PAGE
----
School Choice Is the New Civil Rights Struggle
The Wall Street Journal ran an excellent editorial yesterday, by Brendan Miniter, pointing out that school choice has become a bipartisan issue. It’s inexcusable to leave children trapped in public school systems that are failing them, and an increasingly large number of politicians of every ideological stripe are working together to bring about real educational freedom.
From the article:
[Senator Robert] Ford was once like many Democrats on education — a reliable vote against reforms that would upend the system. But over the past three and a half years he’s studied how school choice works and he’s now advocating tax credits and scholarships that parents can spend on public or private schools.
He’s not alone. Three other prominent black Democrats in South Carolina have publicly challenged party orthodoxy. In 2006 State Rep. Harold Mitchell Jr. crossed party lines to endorse Republican Karen Floyd for state education superintendent. “We have to try something different,” he told me at the time. That same year, Curtis Brantley defeated a state representative in a primary fought over education reform. And last year, Ennis Bryant ran (unsuccessfully) against an anti-school-choice state representative in a primary.
These men are the most visible part of a movement joining black Democrats and political conservatives in a common cause. In recent years, school-choice candidates (black and white) have taken the seats of more than half a dozen antichoice legislators, and there have been two mass rallies for school choice at the state capitol that included black leaders.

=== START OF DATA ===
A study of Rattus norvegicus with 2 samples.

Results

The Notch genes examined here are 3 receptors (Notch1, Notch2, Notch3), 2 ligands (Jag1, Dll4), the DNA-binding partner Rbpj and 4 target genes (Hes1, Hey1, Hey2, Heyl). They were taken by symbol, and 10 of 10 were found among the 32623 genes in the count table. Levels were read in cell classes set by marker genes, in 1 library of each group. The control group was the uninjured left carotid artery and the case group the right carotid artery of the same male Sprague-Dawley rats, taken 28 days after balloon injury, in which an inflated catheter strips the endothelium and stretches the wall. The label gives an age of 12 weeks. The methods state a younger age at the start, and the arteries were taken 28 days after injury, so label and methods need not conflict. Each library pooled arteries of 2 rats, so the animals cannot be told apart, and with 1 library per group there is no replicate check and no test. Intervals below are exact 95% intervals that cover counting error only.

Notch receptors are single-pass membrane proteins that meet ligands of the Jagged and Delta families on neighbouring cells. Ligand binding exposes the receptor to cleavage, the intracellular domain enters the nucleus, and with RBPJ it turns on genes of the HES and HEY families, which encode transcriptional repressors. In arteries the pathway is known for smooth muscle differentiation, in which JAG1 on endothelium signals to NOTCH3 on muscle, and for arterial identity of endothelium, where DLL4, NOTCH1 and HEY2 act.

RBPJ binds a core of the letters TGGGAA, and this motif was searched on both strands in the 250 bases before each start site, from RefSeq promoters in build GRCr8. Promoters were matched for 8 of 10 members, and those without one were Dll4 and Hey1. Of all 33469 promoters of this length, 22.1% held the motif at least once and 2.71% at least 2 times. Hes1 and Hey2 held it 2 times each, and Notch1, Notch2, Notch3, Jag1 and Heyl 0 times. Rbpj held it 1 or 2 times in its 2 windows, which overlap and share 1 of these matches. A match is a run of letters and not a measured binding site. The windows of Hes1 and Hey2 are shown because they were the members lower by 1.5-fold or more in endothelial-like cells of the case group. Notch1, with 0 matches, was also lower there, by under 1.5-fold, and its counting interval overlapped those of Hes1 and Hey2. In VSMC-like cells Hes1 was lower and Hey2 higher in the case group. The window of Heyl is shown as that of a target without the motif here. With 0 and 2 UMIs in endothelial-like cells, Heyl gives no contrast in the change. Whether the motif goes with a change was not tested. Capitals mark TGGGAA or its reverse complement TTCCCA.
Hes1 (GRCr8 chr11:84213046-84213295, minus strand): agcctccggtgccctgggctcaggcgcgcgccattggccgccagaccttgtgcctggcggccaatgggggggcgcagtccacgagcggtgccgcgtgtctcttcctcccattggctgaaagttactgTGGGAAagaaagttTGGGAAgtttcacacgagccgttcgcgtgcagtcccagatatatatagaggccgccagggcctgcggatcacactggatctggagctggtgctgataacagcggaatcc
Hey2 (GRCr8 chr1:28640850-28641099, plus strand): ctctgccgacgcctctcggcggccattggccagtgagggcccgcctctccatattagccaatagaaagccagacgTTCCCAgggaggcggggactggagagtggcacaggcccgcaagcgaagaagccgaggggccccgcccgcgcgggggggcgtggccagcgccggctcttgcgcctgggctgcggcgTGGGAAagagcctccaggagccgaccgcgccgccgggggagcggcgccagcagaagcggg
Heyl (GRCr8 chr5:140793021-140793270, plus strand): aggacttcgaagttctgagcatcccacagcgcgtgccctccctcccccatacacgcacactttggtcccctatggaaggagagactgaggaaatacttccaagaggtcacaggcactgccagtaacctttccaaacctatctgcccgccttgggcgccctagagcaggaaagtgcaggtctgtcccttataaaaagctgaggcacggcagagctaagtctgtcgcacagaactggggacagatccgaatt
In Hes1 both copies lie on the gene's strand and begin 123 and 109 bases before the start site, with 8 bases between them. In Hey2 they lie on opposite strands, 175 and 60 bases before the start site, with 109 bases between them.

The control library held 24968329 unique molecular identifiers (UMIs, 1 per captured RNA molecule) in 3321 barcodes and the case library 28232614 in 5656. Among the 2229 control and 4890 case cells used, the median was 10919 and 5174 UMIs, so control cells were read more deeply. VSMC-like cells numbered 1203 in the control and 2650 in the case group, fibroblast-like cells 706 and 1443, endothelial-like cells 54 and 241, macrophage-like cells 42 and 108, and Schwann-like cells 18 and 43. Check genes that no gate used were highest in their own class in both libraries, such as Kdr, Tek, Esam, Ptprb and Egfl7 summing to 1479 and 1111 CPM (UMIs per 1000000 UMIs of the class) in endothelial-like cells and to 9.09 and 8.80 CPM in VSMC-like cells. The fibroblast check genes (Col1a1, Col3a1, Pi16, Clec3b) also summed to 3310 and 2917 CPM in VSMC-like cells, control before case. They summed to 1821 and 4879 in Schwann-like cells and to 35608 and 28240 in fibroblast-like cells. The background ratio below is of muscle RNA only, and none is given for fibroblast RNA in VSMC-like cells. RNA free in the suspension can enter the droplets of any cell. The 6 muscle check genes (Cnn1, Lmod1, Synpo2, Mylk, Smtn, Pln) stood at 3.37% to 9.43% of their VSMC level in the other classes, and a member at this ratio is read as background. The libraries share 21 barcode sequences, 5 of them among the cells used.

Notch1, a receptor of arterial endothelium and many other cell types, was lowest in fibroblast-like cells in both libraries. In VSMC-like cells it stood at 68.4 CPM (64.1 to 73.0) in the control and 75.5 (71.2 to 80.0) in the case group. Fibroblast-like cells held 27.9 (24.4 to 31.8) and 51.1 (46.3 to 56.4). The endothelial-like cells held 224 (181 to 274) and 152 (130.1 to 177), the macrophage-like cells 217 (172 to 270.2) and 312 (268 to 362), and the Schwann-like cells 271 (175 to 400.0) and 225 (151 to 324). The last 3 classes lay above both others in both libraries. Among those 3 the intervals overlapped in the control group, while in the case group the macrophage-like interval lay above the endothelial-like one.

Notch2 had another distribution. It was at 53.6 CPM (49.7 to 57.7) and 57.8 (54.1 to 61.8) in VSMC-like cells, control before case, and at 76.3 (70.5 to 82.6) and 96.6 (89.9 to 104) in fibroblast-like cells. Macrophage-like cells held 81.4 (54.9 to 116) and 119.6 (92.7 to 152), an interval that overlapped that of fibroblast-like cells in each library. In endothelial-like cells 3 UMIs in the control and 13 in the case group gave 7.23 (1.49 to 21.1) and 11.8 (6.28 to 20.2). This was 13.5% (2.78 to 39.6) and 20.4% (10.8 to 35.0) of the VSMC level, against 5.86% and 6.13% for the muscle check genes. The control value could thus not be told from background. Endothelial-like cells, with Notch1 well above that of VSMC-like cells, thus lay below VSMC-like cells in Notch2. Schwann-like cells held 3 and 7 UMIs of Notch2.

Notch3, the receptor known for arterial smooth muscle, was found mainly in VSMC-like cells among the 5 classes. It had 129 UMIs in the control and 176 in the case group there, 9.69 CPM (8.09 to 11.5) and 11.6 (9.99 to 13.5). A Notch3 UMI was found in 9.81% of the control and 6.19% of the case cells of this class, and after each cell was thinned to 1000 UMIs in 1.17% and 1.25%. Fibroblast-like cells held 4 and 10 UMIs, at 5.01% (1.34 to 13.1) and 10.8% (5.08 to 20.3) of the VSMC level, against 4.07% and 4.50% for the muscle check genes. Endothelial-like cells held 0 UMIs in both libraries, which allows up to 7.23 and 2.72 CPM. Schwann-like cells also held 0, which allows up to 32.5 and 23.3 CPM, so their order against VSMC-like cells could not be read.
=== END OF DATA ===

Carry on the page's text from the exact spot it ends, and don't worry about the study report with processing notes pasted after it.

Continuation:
Charter and private schools geared toward impoverished black children also are cropping up, and no wonder. There are about 700,000 students in public schools in South Carolina, more than a third of whom — 247,000 — are in schools considered to be failing based on test scores. Nearly 60% of the kids in these failing schools — about 146,000 — are African-American. Blacks make up about 39% of public-school students.
In March, a Pulse Opinion Research poll of 1,000 black voters in the state reported that 53% agreed that school choice would improve public education (28% disagreed). Support for school-choice legislation increased to 61% when Mr. Ford’s name was attached to it.
Giving children access to the quality educations they so desperately need is simply a common-sense position, and if Missouri’s leaders genuinely care about providing opportunity for the state’s young students, they’ll help ensure that parents can choose the best available schools for their children.